Director, National Institute of Allergy and Infectious Diseases and member of the White House Coronavirus Task Force
The tragic coronavirus pandemic that has engulfed the world may have made public-health authorities into household names, but Dr. Anthony Fauci was recognized as the country’s leading champion of sound public-health advice long before the current outbreak.
Fauci is now in his 36th year as director of the National Institute of Allergy and Infectious Diseases. The role has seen him advise multiple U.S. presidents through crises ranging from anthrax and SARS to MERS and Ebola.
Those who have served alongside him say he’s by far the most effective communicator the government has, not to mention one of its finest public servants. He has proved himself able to handle nearly any media appearance; members of the media and the public alike trust him to give sound advice.
But President Donald Trump? That’s another story. Consider this past summer’s effort by the Trump administration to malign and marginalize Fauci, despite the fact that he’s the White House’s own coronavirus adviser.
Actions included the publication of a hostile USA Today op-ed by White House trade adviser Peter Navarro; a Facebook post by Trump aide Dan Scavino that caricatured the immunologist as a “Dr. Faucet” who leaks his disagreements; the leak of a bulleted list of the times he “has been wrong” that was supplied to reporters (and that some outlets described as “opposition research” on a political opponent); and regular Twitter critiques by Trump himself, many of which accused him of misleading the country.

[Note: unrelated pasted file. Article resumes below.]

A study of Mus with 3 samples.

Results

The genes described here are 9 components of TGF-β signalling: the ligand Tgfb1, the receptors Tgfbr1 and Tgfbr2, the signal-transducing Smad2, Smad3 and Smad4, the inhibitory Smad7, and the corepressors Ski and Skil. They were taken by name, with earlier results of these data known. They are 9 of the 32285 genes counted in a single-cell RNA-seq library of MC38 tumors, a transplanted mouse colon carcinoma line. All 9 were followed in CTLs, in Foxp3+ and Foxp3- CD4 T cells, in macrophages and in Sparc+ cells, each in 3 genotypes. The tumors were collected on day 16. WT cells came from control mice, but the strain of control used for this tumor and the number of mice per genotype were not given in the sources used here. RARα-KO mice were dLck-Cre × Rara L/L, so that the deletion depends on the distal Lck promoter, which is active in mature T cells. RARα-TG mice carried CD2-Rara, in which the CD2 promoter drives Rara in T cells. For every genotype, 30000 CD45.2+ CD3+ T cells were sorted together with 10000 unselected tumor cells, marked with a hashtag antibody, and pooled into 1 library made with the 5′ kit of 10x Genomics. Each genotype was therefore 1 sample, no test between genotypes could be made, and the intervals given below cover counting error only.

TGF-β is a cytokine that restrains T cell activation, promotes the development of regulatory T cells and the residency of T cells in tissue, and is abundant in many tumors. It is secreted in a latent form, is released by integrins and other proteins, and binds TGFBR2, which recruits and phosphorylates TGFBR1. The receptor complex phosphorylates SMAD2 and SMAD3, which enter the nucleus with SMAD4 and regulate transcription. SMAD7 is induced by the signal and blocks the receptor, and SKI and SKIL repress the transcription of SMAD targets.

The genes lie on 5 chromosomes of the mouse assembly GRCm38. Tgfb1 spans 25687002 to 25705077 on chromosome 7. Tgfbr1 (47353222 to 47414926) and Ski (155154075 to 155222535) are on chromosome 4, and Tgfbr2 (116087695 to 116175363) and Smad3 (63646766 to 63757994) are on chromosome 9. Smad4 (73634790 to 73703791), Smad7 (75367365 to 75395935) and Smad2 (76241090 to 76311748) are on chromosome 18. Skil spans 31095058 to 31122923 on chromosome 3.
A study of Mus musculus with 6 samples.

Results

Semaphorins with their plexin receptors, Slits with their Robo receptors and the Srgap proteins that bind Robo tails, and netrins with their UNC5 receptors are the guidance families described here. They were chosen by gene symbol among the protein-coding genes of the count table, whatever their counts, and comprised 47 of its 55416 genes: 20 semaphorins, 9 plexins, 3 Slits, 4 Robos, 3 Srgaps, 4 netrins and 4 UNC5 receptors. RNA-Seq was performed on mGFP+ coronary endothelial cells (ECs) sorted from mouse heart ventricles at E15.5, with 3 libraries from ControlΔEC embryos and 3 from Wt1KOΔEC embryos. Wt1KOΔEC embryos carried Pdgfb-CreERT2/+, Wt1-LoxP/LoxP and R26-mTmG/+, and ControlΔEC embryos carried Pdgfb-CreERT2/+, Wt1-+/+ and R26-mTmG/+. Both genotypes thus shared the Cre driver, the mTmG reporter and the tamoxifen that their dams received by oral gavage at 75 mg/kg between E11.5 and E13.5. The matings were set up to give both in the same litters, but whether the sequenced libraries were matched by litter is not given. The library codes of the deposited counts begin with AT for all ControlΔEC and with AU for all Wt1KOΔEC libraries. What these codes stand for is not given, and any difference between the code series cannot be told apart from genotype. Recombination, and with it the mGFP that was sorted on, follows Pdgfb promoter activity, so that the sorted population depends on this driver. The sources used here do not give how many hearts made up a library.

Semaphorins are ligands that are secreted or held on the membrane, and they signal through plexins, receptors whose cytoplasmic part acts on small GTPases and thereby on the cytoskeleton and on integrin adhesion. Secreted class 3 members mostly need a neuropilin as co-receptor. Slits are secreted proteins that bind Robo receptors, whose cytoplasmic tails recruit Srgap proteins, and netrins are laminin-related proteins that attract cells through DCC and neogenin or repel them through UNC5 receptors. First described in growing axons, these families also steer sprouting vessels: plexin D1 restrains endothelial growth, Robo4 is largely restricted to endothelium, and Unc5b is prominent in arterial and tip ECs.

To be sure, Fauci isn’t always right — he initially downplayed the value of masks, for instance. But he tells it like it is, an approach that has sometimes put him at odds with the president. They contradicted each other around vaccine arrival timelines (Fauci: 2021; Trump: by Election Day) and coronavirus longevity (Fauci: It will probably never go away entirely; Trump: The virus will “disappear”). In late July, Trump called Fauci an “alarmist,” to which Fauci responded, “I consider myself more of a realist.”
While those disagreements have come to a head, Fauci has never gotten flustered, whether in September’s Senate hearings on the coronavirus response or in any number of heated conversations. And there have been plenty of them, as the U.S. death toll from the virus has surpassed an unfathomable 225,000.
The latest controversy around Fauci involves whether the American public will be able to trust a potential coronavirus vaccine. This most recent contretemps surfaced when the Centers for Disease Control and Prevention’s stated vaccine deadline of November 1 raised concerns that the White House was pressuring regulators to get a shot to market ahead of Election Day.
Like clockwork, there was Fauci on CNN, reassuring viewers that any approval of a COVID-19 vaccine by the Food and Drug Administration won’t be motivated by politics.
He’s cool, calm and collected — as one would hope and expect the country’s top infectious-disease expert to be. And he’s Exhibit A that, if the country is to effectively combat this crisis, whoever’s in the White House come 2021 must do a better job of trusting in and deferring to the public-health authorities.